OK, I gotta say a word about this new Survivor. As you may or may not know, I'm a huge Survivor fan. And when I say huge, I mean huge. I never miss an episode. Actually, you'll usually find me on Thursday nights, standing on my bed, jumping and screaming like Tom Cruise on Oprah, professing my love for the show.
I will sing the beginning credits (something like: "ooooheeee ohhaaaa oheee oheee ohaaa"), yell "No Way!" when there's a surprise elimination, and "come on"s and "you gotta be kidding me" during reward and immunity challenges. But my favorite part is definitely the end of the first episode's introduction, when host Jeff Probst usually stands on some whacky vehicles (what's it gonna be this time? Chopper? ULM? Air Balloon?) and declares: "20 Americans, 40 days, only one! Survivor!).
Oh my god, I can't wait for tomorrow!
And then, there's this season twist. As you know by now, starting Thursday, 20 Americans will be divided into 4 tribes by race. The whites, the blacks, the latinos and the Asians. When this was announced, it didn't take long for groups of all kind to start complaining. Racism! Voyeurism! Outrage!
Here's my take. Is CBS racist?
Of course not, their only point is to increase their ratings, and they will no doubt succeed. No season of the show has been so much discussed since its debut and Richard Hatch's bare bottom.
Will the show be racist?
I honestly doubt it. I can't imagine contestants insulting each other's races and religions on prime time TV. No, like Ken Tucker on Entertainment Weekly, I bet we'll, at worst, see some stupid but innocent stereotyping, and at best, learn some slang (when is the best time to use the word "brother" and when should it be "dawg"?).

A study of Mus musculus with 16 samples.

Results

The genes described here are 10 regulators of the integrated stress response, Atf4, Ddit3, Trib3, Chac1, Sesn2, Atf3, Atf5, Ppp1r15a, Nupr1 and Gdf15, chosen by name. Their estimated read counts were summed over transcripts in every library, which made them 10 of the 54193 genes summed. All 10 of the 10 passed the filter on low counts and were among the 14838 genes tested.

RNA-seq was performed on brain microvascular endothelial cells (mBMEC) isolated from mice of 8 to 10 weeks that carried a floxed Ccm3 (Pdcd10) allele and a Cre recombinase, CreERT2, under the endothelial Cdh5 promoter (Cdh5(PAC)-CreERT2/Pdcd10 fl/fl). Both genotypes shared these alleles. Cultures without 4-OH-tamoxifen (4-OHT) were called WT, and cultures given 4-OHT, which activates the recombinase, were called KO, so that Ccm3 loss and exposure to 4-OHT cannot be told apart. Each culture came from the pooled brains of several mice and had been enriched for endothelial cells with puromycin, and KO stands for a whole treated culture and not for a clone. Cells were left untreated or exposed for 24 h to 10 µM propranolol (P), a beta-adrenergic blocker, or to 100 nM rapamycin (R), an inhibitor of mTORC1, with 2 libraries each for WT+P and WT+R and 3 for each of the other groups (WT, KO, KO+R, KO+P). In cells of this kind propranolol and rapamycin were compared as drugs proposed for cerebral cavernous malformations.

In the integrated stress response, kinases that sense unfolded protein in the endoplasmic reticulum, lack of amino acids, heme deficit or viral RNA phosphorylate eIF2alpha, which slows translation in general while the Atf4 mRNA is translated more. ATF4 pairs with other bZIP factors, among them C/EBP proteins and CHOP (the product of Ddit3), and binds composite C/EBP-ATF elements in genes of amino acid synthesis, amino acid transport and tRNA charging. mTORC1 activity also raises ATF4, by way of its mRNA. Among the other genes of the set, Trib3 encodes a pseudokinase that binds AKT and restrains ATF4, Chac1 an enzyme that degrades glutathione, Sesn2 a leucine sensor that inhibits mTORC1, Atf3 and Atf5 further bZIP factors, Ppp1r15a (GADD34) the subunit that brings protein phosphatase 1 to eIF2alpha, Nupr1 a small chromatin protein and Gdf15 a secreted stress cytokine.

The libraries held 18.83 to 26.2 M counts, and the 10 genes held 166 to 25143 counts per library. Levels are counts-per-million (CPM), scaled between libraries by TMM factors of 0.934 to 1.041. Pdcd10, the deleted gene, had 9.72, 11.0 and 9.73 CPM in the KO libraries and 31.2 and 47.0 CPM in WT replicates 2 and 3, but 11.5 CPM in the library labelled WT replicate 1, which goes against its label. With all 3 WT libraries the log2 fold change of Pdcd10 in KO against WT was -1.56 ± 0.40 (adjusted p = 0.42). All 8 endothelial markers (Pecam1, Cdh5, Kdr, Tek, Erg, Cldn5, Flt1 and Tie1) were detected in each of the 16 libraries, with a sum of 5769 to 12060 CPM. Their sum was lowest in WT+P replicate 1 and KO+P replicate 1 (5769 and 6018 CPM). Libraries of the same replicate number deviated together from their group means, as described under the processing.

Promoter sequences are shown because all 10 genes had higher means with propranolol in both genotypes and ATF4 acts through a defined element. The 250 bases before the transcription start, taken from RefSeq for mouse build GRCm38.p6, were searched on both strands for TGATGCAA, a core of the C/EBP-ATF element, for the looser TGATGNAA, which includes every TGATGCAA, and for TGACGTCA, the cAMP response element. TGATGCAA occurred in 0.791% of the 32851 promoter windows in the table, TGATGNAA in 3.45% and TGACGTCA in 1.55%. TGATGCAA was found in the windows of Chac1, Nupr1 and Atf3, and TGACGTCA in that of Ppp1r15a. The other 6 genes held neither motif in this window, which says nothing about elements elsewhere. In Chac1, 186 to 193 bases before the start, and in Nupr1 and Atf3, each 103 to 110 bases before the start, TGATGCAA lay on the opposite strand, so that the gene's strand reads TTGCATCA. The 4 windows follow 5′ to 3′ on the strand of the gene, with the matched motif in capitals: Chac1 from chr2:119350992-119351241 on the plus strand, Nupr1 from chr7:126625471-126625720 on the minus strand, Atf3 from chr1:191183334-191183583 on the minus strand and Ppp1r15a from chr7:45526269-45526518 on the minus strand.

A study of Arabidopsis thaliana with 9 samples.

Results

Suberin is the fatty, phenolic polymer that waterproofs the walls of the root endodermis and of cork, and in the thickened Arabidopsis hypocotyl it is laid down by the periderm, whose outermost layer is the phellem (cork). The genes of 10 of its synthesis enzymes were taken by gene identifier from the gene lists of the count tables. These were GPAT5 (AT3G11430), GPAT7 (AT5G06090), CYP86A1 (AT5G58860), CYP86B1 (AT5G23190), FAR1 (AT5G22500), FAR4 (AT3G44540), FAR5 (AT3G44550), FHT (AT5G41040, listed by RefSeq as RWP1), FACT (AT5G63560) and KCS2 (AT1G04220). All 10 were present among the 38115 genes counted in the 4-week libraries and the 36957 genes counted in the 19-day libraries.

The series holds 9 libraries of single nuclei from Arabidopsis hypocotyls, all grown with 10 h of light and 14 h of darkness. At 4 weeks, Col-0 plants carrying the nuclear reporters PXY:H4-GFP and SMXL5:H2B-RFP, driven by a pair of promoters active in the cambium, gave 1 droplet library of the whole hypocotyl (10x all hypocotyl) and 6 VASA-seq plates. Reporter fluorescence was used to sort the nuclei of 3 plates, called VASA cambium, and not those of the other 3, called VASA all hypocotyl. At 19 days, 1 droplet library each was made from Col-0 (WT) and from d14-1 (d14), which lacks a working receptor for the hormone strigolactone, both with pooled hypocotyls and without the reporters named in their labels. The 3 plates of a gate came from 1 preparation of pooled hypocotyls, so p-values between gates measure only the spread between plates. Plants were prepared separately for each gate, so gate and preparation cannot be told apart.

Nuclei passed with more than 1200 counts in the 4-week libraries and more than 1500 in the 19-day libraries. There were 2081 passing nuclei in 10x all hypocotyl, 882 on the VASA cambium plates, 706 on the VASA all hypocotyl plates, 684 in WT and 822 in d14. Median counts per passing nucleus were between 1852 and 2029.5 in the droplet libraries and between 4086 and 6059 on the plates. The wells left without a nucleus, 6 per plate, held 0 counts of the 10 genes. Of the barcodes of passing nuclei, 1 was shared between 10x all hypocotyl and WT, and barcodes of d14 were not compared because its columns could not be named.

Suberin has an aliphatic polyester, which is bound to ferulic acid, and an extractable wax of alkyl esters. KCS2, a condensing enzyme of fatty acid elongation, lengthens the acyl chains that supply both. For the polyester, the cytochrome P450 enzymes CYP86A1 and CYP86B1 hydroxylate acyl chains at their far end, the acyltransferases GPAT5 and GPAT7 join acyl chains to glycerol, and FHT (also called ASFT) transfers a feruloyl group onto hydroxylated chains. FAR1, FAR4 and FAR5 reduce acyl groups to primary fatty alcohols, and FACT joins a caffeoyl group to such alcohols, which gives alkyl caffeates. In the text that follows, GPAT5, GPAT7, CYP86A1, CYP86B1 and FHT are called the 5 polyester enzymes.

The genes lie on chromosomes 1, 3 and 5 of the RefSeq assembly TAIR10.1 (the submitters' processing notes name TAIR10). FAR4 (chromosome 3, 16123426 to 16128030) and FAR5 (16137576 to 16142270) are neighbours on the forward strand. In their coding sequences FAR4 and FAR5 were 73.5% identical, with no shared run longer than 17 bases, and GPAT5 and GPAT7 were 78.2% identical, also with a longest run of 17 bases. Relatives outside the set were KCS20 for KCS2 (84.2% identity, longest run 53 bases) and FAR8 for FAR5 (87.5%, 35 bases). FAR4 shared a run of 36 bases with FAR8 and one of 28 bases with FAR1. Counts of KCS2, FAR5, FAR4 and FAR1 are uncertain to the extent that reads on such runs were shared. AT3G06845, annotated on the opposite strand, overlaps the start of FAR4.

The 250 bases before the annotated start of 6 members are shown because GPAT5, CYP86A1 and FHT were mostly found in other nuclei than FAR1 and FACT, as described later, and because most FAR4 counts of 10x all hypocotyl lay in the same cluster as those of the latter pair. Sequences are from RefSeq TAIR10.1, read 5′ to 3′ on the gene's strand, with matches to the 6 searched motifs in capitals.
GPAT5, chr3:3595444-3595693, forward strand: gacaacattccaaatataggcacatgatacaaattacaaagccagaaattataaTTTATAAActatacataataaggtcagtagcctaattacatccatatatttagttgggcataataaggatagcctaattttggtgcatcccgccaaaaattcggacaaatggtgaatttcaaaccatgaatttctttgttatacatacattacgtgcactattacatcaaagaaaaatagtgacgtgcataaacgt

What impact will the show have on America?
Now that's the big question. Cause if CBS and the show itself is not racist, that doesn't mean it won't influence the racist views of some viewers. CBS, like any media, holds a responsibility towards its audience. To entertain and educate. And it's not so much about what the message will be, as it is about how it will be perceived.
* I have no doubt that the anti-black and anti-Latino racists of America will see whatever they want to see, and be comforted in their views. At worst, things won't change. At best, an amazing contestant will stand out, some fantastic quote about tolerance will be remembered, or even better: an alliance, a friendship. Then, a handful of viewers will think about it. All in all, nothing much.
* Asians? Except if you live near the Chinatowns and Koreatowns of NY, LA or San Francisco, you probably know nothing about those communities. I see here a fantastic learning tool.
* I'm more afraid about the white tribe. I'm afraid they'll have content. I'm afraid they're so not used to face racism, they won't know how to handle their difference. I'm afraid of their blunders.
Some more about Survivor being a learning tool:
Already last Season, Bruce was a model of originality and respect of traditions and customs. This is true of all tribe: how will a religious and spiritually-guided person survive on the island without loosing his rituals? I'm Jewish, and the only reason I haven't already sent an application to the show, is because I don't know how I would keep shabbat and Kasherout on the island. We've seen contestant survive hunger, bad weather, mosquitos and sleep deprivation. It's time to see them survive an attack on their spiritual and religious soul. If they have one...
But back the racism. I think the show will be a reflections of its viewers, and of America. It's in the talks, the dinner arguments, the blogs, the magazine that we will discover, together, not if the show is racist, but if we are, if our society is.
As another reality TV host would say, the best thing to come out of it might be a reality check.